Frog bones found in Cambridgeshire Iron Age ditch baffle experts

Image caption,
The bones of about 350 frogs and toads were found in a ditch

Experts are baffled after finding about 8,000 ancient frog and toad bones while excavating the route of a new road.

The bones, found in a ditch near the site of an Iron Age roundhouse at Bar Hill, near Cambridge, are the remains of about 350 amphibians.

Scientists from Museum of London Archaeology (Mola), said "the sheer quantity of remains, all concentrated in one single place, is extraordinary".

The do not know why the bones were there.

Most of the bones found on site were discovered in a 14 metre-long (46ft) ditch on the western side of a roundhouse which was in use during the Middle and Late Iron Age (400BC - AD43).

The experts from the museum group said very few other amphibian bones had been discovered on archaeological sites in the surrounding areas - even those located closer to rivers.

Image source, Mola/Andy Chopping
Image caption,
The thousands of tiny bones are being examined by experts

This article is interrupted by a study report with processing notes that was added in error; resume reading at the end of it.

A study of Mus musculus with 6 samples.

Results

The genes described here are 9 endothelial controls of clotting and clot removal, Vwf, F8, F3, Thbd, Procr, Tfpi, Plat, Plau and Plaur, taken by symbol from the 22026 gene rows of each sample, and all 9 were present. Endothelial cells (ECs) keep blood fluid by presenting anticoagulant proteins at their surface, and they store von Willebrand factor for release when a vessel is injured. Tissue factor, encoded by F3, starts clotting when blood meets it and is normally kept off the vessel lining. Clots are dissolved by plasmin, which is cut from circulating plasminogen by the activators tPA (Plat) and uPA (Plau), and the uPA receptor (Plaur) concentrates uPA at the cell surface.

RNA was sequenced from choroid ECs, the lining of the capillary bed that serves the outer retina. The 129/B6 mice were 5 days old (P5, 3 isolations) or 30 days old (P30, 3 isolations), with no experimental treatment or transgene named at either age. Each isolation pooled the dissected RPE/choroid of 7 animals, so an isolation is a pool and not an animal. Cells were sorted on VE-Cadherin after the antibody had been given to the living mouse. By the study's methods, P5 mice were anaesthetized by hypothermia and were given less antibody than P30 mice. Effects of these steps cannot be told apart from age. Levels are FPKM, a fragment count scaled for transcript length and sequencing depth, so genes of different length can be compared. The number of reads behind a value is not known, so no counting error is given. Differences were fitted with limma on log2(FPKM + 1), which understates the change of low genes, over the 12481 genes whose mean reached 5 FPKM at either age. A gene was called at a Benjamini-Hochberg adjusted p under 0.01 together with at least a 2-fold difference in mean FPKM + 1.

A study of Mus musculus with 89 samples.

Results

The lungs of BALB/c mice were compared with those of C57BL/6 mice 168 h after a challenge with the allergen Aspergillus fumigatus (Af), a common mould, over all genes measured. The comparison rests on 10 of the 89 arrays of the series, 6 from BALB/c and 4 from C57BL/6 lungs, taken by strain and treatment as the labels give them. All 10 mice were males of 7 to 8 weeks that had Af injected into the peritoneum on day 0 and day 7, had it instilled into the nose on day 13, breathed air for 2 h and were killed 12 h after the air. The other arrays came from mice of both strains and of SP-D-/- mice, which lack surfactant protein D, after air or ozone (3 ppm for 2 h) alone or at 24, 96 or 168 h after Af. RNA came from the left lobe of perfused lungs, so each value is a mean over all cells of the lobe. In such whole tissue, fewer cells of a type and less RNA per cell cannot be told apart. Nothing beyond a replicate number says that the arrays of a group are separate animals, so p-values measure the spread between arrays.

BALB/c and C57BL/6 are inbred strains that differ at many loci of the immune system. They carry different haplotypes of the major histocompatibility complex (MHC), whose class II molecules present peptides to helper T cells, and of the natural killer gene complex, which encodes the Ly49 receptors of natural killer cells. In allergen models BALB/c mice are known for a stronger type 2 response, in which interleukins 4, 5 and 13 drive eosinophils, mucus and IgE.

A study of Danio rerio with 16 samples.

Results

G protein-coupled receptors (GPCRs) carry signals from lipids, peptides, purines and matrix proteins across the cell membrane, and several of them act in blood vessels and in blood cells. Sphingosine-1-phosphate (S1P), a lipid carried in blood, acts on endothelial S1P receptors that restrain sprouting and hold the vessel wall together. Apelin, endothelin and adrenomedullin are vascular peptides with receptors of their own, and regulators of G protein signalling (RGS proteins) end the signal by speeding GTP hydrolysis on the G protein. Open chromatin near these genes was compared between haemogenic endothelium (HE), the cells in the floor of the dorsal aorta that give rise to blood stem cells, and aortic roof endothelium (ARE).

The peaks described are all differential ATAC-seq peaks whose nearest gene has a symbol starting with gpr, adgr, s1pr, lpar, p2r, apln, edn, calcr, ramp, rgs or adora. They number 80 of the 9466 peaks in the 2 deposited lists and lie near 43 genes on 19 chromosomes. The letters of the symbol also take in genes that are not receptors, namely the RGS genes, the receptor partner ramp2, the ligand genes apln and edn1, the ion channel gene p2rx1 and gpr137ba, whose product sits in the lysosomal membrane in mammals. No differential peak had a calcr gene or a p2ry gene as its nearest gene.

Mola said that while finding frog bones on digs was not unusual, the scale of this find was out of the ordinary.

This "surprising and strange discovery has led Mola zooarchaeologists [ancient animal bone experts] on a fascinating detective inquiry," they said.

Several theories have been suggested so far.

Image source, Mola/Andy Chopping
Image caption,
Dr Vicki Ewens, senior archaeozoologist at Mola is examining the remains

It seems unlikely the amphibians were eaten by humans or other animals or birds, as there are no burns, cut or bite marks on the bones.

They might have been attracted to the area by the promise of food, as nearby evidence of grain processing would have brought in beetles and aphids, which frogs are known to eat.

It was possible they could have fallen into the ditch of the roundhouse during migration in search of breeding grounds, and were unable to climb out.

They may have died while hibernating in the mud during a particularly cold winter, or have been killed off by a disease.

Image source, Mola Headland Infrastructure
Image caption,
An aerial view shows the excavation site at Bar Hill in Cambridgeshire

Dr Vicki Ewens, senior archaeozoologist at Mola, said: "This is a puzzling and unexpected find, which we are still trying to fully understand.

"This accumulation of frog remains may have been caused by a number of different factors, possibly interacting over a long period of time - we just aren't sure yet what these were."

While the bones were uncovered during excavations along the new route of the A14 between 2016 and 2018, investigations into the various finds are still ongoing.

"Until then, this will remain a prehistoric frog mystery," archaeologists said.